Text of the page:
Mitsubishi Heavy President Shunichi Miyanagi said last month the company wants to accelerate its global expansion through mergers, acquisitions and alliances. It has been paying down debt and cut its debt-equity ratio in half between 2010 and last year, while building up its cash reserves to almost $4 billion.

The company also completed a major reorganization, consolidating nine business divisions into four so-called domains from the business year that started in April.

Hitachi Ltd has said it is interested in joining Mitsubishi Heavy's bid. Under their proposal, they would merge their steam-turbine businesses with those of Alstom, but the real prize would be access to Alstom's clients across Europe.

The Japanese firms, which have little presence in the region, want to sell them other technologies such as clean-coal power stations and nuclear equipment.

Siemens is due to present an offer by Monday ahead of a June 23 cut-off date set by General Electric for GE's 12.4 billion euros ($16.88 billion) bid for all of Alstom's energy arm, which includes its thermal power, renewable power and grid businesses.

Mitsubishi Heavy's Miyanagi is also in Paris to present the offer, according to sources.

Mitsubishi Heavy said in a statement Monday that various options were being considered, but a decision had not been made.

Siemens and Mitsubishi are including a cash element of roughly 9 billion euros, according to sources close to the bidders.

Tying up with Alstom would give Mitsubishi Heavy access to European markets, said Tom O'Sullivan, founder of independent energy consultancy Mathyos Japan.

“They are weak in Europe, but strong in Asia,” O'Sullivan said. “This would given them access to Alstom's clients.”

Alstom's steam turbines account for more than 20 percent of global installed capacity, according to the French company's website. More than 30 percent of nuclear power stations use Alstom steam turbines, the website says.

Mitsubishi Heavy recently completed a tie-up with Hitachi that put their thermal power business together in a bid to secure more global contracts.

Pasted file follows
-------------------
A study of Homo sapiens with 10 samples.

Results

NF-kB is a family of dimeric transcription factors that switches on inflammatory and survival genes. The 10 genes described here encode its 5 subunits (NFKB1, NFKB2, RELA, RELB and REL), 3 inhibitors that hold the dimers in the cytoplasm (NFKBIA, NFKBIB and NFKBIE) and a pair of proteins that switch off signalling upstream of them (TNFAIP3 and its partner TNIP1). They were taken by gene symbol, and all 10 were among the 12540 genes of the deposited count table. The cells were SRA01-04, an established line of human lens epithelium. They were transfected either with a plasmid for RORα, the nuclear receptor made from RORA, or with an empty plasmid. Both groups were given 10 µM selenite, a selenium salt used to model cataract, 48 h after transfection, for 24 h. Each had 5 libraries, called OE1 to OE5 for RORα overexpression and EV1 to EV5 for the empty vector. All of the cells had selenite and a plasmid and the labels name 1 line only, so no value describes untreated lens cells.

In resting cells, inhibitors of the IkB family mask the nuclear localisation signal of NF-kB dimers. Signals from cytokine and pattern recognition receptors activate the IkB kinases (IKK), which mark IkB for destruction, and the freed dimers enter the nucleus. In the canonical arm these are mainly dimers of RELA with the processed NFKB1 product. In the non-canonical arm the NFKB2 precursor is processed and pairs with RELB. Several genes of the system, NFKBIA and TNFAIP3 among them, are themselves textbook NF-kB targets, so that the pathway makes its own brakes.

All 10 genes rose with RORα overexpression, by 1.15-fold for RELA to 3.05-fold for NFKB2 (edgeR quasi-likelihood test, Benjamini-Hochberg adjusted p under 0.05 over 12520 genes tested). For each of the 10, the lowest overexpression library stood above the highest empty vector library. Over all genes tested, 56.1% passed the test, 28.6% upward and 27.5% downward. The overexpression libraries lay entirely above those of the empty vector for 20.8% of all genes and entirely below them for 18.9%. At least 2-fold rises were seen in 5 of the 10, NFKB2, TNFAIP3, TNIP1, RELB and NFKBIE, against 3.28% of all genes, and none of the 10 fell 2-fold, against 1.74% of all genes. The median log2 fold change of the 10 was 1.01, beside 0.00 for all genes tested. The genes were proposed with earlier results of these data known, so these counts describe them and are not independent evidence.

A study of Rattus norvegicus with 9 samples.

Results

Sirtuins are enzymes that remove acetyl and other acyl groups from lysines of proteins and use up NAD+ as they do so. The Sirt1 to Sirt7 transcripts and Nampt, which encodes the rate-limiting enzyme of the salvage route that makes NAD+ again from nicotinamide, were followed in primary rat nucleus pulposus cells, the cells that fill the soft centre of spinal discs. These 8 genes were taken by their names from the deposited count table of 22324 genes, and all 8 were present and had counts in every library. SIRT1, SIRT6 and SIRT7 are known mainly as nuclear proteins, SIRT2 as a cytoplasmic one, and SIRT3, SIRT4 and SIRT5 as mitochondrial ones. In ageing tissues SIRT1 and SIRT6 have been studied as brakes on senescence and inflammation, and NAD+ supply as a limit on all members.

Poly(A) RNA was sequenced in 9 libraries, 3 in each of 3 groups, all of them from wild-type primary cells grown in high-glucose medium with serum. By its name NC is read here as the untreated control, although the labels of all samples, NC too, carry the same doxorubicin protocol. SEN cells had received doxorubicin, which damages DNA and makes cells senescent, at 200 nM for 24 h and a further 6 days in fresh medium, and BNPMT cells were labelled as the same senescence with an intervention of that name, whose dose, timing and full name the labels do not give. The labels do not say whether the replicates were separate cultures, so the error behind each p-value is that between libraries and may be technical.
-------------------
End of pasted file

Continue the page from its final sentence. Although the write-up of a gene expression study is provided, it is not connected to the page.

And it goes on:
Hitachi is planning the construction of new nuclear reactors in the UK after buying the Horizon nuclear power project from E.On and RWE.

As the race to acquire Alstom power business enters a crucial week, Mitsubishi Heavy's move ties in with the push by Japan's prime minister, Shinzo Abe, for more exports of Japanese coal technology and nuclear equipment to boost growth.

Abe has regularly touted Japanese prowess at building more efficient coal plants that help reduce emissions, including technology developed by Mitsubishi Heavy.

He is also pushing for domestic companies to build their first nuclear plant overseas as Japan moves away from atomic energy following the Fukushima disaster in 2011.

In the move being considered by Siemens and Mitsubishi, the German firm would acquire Alstom's gas turbine business while the Japanese group would inject cash and industrial assets into a joint venture in steam turbines, sources said.

“Mitsubishi forming an alliance with Siemens improves Siemens' offer,” French Finance Minister Michel Sapin said in an interview broadcast on Europe 1 radio and news channel iTele on Sunday. “I think that GE is also going to improve its offer.”

Alstom is privately owned, but the French government has taken an active role in the talks. It views the group's transport and energy activities, notably in nuclear power, as strategic and is keen to preserve jobs with unemployment stuck above 10 percent.

The French government has already secured a pledge from GE to create 1,000 new jobs in France within three years of a deal and Sapin said he expected the U.S. conglomerate to improve its offer further.

Mitsubishi and the French state would take equal stakes in Alstom, acquiring part of the 29 percent holding of French group Bouygues, union representatives said after meeting French Economy Minister Arnaud Montebourg.

This could involve French state bank BPI acquiring a stake in Alstom alongside Mitsubishi, the Wall Street Journal reported on Sunday. A source familiar with the situation said BPI was “ready to be involved in any scenario”, including with Mitsubishi or GE.

A Bouygues spokesman said the group had not been approached by any party regarding a sale of its stake in Alstom, adding: “Bouygues wishes to remain a long-term shareholder in Alstom with a 29.3 percent stake.”

Bouygues would support the proposal recommended by the Alstom board, the spokesman said.

In a second step separate to a turbine deal, Siemens is also proposing to combine its rail activities with Alstom's, sources said. The French government has actively lobbied for this, saying it would create a European rail champion.